This recipe is adapted from the Strawberry and Pinot Noir Jam in The Preservation Kitchen by Paul Virant, 10 Speed Press, 2012.
Clean and remove the tops from:...
You may have noticed a certain enthusiasm for citrus fruits around here lately. I think our situation is hardly unique--citrus in winter is like a jolt of warm sunshine. Even though I've never set foot in a citrus grove, I imagine myself walking down neat aisles of deeply green, leafy trees studded with orbs of orange, when in fact I am swaddled in several layers of clothing, trying to stay warm in our drafty cabin.
But the truth is, I didn't know that winter was citrus season until a few years ago. Perhaps this is because I do not live in a citrus-growing region. In any case, I simply took for granted that I could buy oranges, tangerines, lemons, and the like year-round. This is certainly possible these days, but the best, juiciest, most flavorful and diverse citrus still arrives at your local supermarket in the winter.
The citrus fruit that we rely upon the most is the lemon. When I first met John, our pantries were very different. I stocked lots of grains, greens, and peanut butter. John, however, always seemed to have, if nothing else, flat-leaf parsley and lemons. At first, I couldn't understand this. It seemed a bit like keeping garnishes in supply but eschewing actual ingredients. But as we shared a kitchen more and more, I began to understand that both these ingredients can bring a dish to life.
Lemons, while largely inedible in their raw state, can make flavors stand out, much as salt does. An imbalanced dish is often made perfect by a squeeze of lemon. This is equally true of baked goods. A cake or cookie that would be saccharine on its own is calibrated by a dose of lemon zest. In fact, I will often add zest when none is called for or double the amount called for just to insure it is adequately pronounced in the finished product.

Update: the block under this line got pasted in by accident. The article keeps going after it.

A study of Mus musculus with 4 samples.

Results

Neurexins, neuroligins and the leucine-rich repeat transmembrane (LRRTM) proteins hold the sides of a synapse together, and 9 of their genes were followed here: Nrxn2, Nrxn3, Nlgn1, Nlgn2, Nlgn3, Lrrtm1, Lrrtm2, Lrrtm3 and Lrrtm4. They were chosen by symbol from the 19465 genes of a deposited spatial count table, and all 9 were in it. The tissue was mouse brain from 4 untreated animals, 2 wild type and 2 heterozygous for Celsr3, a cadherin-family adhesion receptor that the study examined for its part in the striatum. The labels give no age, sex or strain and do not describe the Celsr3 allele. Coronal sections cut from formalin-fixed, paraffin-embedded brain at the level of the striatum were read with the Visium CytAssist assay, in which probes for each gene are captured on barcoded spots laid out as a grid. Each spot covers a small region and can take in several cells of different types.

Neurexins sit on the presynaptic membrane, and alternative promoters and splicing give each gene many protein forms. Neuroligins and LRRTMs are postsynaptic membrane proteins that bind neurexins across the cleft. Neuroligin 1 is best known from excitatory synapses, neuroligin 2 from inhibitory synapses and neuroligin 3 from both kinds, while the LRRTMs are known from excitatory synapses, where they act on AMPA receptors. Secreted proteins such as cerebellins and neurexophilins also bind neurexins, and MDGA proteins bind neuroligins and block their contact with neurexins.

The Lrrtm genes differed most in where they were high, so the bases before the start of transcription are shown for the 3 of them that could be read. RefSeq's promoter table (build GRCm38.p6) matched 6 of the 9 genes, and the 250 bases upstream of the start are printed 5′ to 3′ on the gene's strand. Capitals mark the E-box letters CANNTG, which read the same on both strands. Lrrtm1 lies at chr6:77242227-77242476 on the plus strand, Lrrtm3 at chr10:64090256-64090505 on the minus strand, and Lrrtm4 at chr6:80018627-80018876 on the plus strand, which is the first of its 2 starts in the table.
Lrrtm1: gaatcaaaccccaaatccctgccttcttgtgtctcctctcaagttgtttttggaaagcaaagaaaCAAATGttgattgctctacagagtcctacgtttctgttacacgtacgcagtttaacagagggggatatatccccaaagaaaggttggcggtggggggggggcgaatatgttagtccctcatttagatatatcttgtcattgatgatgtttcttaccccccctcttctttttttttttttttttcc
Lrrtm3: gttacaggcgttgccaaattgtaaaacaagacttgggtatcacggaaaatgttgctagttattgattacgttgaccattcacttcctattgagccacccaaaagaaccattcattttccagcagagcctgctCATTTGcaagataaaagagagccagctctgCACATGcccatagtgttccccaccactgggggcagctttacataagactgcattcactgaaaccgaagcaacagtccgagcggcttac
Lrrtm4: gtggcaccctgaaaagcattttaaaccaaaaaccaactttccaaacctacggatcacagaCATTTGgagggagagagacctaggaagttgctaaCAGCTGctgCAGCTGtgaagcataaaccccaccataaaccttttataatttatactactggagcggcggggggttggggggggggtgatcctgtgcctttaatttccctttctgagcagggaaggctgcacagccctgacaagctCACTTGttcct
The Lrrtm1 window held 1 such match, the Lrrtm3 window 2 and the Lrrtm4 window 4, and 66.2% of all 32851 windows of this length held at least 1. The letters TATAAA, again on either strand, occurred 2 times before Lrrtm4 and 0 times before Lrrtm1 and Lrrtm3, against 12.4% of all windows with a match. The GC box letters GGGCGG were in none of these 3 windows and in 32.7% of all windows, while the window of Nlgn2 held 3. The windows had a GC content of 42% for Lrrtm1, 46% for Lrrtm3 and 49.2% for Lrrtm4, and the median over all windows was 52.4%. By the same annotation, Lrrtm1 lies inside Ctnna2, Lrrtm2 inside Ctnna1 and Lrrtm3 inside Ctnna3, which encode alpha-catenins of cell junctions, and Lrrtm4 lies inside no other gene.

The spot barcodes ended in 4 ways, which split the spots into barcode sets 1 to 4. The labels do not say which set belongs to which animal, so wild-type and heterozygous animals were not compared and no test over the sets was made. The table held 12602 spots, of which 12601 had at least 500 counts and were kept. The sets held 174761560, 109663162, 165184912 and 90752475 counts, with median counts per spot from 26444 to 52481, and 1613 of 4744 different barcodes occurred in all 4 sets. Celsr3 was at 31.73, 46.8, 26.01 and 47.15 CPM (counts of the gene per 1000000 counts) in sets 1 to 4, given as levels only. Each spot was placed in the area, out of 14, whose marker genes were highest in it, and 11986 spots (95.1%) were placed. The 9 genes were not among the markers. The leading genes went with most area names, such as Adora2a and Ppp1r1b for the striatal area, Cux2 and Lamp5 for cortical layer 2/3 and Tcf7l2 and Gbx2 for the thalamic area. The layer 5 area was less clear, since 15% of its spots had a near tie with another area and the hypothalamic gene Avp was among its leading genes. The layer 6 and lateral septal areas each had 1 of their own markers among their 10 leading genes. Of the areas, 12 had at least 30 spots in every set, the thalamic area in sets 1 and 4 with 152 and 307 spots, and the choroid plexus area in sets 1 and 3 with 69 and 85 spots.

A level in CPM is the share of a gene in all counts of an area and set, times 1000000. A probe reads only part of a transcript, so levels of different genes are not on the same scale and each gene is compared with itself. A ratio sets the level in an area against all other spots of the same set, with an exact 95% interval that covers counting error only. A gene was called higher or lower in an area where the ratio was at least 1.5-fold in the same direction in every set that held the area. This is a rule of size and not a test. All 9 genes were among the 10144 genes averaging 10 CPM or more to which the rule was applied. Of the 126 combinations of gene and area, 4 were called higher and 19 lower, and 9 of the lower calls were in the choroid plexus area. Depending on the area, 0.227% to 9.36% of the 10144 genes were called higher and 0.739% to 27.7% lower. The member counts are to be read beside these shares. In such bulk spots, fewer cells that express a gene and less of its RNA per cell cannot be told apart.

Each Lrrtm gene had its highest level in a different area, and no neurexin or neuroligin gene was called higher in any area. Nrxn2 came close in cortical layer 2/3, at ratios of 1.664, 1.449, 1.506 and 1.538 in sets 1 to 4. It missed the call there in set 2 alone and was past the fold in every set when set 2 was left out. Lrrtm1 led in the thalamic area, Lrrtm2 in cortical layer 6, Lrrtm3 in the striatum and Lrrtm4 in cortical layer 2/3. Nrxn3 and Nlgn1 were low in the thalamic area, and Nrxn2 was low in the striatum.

There are a couple easy ways to boost lemon flavor in baked goods. One is to add the zest to the creamed butter and sugar mixture. Fat carries flavor, and so adding any flavorings to the butter mixture will be dispersed throughout the batter more effectively. Another way is to rub granulated sugar with lemon zest. This friction causes the oils in the zest to be released, and it flavors the sugar into the bargain. This latter method is one I used today for a quick pancake breakfast.
Pancakes have a tendency to be heavy to a fault. I like to combat this in a variety of ways, usually by adding fresh fruit or ricotta, or by using alternative flours. However, these lemon pancakes are perfect as they are. The relatively thin batter makes them light and lacy, and the addition of sour cream, lemon zest, and lemon juice imparts a gracious tang.
I went a step further and substituted buttermilk for the milk in the original recipe, and I rubbed the sugar with the lemon zest before adding it to the dry ingredients. This allows the lemon flavor to permeate the batter. Finally, due to a complete lack of control, I added poppyseeds. These are optional but so very lovely and delicious.
A few considerations when making these pancakes: have your pan, skillet, or griddle at a higher temperature than you normally would for pancakes. This batter is a bit thin (this is part of what makes these pancakes light), and the quick burst of higher heat will set them before they have a chance to spread too much. With that in mind, do not be tempted to crowd the pan.
Heat a nonstick pan, well-seasoned skillet, or griddle over medium to medium-high heat (our stovetop runs a bit cool, so we were closer to medium-high). Prepare the batter while the pan heats up. Whisk together in a medium bowl:
1 cup all-purpose flour
(2 tablespoons poppy seeds)
1 1/2 teaspoons baking powder
1/2 teaspoon baking soda
1/4 teaspoon salt
In a small bowl, massage with your fingers:
1/3 cup sugar
Grated zest of 2 lemons
Add the lemon sugar to the dry ingredients and mix to combine. In another bowl, whisk together:
3/4 cup sour cream or Greek yogurt
1/3 cup buttermilk
1/4 cup fresh lemon juice (from about 2 lemons)
3 tablespoons butter, melted
1 1/2 teaspoons vanilla extract
Mix the liquid ingredients into the dry ingredients. The batter will be thick and bubbly. Melt in the preheated skillet:
1 teaspoon butter (you will need about 4 teaspoons total)
Using a 1/4-cup measure, pour the batter into the skillet, being careful not to crowd the pan (for silver dollar pancakes, use about 2 tablespoons batter per pancake). Cook until the bottom is well-browned and bubbles have appeared on the surface of the pancake and are beginning to break, about 2 minutes. Flip the pancake and cook on the other side until well-browned, one more minute or so.
Pancakes are best served at once, but if this is not possible, keep them warm on a plate in a preheated 200˚F oven.